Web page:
Soft drinks giant PepsiCo said on Tuesday that a focus on healthier and low-calorie drinks may have hurt third quarter sales.
The company’s CEO Indra Nooyi said that the company stocked shelf space with more of its newer, low-calorie drinks and spent too much on marketing promoting them at the expense of its core brands such and Pepsi and Mountain Dew.
PepsiCo, like all soft drinks companies have been playing a balancing act to reformulate its portfolio to reflect changing consumer tastes towards healthier, low-calorie beverages and away from high-calorie drinks. So the company has to weigh between growth of its newer low-calorie drinks and defending its position as the bulk of the firm’s beverage sales still come from its core brands –Pepsi and Mountain Dew.
“We’re on a multiyear journey to move people to healthier products, to lower-calorie options,” said Hugh Johnston, PepsiCo’s Chief Financial Officer. “You’re always sort of managing your pacing. How quickly will consumers change their habits?”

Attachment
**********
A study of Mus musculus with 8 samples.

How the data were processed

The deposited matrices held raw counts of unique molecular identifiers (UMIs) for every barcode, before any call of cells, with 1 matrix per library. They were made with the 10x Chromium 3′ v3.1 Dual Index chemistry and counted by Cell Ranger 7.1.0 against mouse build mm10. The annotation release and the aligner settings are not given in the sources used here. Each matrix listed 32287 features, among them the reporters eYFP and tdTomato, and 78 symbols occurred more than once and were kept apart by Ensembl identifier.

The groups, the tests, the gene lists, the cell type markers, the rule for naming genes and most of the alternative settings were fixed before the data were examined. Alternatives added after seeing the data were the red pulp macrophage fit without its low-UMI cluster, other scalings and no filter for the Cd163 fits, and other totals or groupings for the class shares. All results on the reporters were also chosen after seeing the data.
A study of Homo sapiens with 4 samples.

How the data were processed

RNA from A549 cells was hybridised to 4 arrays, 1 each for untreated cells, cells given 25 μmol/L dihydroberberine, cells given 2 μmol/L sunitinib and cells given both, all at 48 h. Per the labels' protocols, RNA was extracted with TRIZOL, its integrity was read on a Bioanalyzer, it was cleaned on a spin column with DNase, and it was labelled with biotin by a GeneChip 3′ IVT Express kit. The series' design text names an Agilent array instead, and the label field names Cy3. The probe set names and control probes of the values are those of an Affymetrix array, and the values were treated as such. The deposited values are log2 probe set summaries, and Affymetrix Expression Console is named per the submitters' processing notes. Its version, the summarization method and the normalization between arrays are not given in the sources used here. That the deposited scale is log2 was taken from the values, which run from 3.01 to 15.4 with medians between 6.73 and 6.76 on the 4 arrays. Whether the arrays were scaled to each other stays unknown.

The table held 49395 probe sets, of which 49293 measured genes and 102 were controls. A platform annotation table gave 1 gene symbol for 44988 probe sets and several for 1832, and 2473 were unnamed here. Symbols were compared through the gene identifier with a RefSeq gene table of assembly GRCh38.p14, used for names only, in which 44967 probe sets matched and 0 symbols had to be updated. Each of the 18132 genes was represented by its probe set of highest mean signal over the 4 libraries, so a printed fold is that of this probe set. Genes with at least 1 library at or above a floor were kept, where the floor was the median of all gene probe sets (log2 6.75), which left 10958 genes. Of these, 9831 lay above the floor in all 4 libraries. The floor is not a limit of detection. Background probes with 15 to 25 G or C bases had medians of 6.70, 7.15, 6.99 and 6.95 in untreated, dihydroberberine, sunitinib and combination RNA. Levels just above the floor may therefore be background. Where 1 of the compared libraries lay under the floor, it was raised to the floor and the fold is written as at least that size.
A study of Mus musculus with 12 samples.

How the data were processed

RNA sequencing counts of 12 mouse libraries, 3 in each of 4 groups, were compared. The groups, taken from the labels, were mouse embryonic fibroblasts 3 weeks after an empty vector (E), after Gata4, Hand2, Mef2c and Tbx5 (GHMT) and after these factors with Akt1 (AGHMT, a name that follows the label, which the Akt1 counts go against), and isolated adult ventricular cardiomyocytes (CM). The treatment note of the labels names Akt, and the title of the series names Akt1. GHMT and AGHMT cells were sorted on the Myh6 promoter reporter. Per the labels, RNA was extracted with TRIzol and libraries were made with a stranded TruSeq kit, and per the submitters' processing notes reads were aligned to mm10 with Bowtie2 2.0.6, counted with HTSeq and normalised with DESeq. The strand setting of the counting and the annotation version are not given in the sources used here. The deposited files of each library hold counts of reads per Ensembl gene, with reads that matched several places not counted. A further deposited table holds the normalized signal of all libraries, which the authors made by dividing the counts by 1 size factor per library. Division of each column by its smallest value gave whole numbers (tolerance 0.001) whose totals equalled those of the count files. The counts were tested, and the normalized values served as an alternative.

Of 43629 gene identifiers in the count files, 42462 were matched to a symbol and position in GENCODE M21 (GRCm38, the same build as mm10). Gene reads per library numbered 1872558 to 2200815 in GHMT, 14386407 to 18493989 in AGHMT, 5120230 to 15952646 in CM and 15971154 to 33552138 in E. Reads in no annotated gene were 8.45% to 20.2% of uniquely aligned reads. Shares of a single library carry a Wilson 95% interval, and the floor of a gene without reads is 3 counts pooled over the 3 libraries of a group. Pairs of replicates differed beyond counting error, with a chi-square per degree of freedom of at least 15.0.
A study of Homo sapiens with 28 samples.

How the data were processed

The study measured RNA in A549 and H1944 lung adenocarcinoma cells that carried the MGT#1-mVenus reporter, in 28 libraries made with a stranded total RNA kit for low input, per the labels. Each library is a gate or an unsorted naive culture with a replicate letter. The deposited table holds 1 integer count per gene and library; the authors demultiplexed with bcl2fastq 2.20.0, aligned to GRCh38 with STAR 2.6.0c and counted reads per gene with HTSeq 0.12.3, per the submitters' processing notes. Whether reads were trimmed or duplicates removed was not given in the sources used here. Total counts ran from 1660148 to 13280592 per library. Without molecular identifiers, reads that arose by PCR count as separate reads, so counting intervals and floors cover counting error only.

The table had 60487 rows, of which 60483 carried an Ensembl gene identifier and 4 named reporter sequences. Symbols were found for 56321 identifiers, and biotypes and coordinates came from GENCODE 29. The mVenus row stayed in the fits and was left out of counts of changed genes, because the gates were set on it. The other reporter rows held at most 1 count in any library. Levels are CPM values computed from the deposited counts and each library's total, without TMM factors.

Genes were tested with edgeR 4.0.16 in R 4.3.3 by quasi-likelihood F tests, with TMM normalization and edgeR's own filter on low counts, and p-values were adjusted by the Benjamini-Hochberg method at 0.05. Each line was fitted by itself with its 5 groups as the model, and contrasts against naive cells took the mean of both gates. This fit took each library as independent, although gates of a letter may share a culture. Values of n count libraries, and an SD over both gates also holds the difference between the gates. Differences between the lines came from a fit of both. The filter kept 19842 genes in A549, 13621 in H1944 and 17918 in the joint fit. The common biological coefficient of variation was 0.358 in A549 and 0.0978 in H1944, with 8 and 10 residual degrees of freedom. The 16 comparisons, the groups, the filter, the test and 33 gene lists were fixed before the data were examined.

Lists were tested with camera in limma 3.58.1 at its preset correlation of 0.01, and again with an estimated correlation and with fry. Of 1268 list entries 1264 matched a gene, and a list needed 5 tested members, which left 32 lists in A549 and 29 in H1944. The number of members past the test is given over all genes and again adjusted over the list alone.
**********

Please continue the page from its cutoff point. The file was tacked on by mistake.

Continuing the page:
He added: “We just got ahead of our skis a little bit.”
Revenue in the third quarter ending 9th September rose 1% to $16.2bn, from $16bn in the previous year.
The soft drinks giant said that its Frito-Lay North American Division saw a 3% sales lift in the period to $3.8bn, from $3.7bn, while its North American Beverages Unit posted a 3% sales decline due to heavier focus on newer low-calorie drinks at the expense of its core brands.
The company’s Quaker Foods North American unit rose 1% in the period to $578m.
PepsiCo said it saw stronger sales growth abroad where it generates 40% of its revenue.
Latin America grew 6% to $1.9bn, helped by productivity gains, a favourable promotional spending accrual adjustment and prior-year incremental investments.
Europe Sub-Saharan Africa posted a strong 8% growth to $3bn, from $2.9bn, driven by productivity gains and prior-year incremental investments.
Asia, Middle East and North Africa saw sales decline of 4% to $1.56bn, from $1.63bn, negatively impacted by higher raw material costs (in local currency terms, driven by a weak Egyptian Pound) and operating cost inflation. Unfavourable foreign currency translation also weighed on the company’s operating profit by 13%.
The company said that third quarter profit rose 8% to $2.14bn, from $1.99bn in the previous year.
PepsiCo raised its adjusted earnings per share growth from 8% to 9%, as exchange rate impact is likely to be less than expected.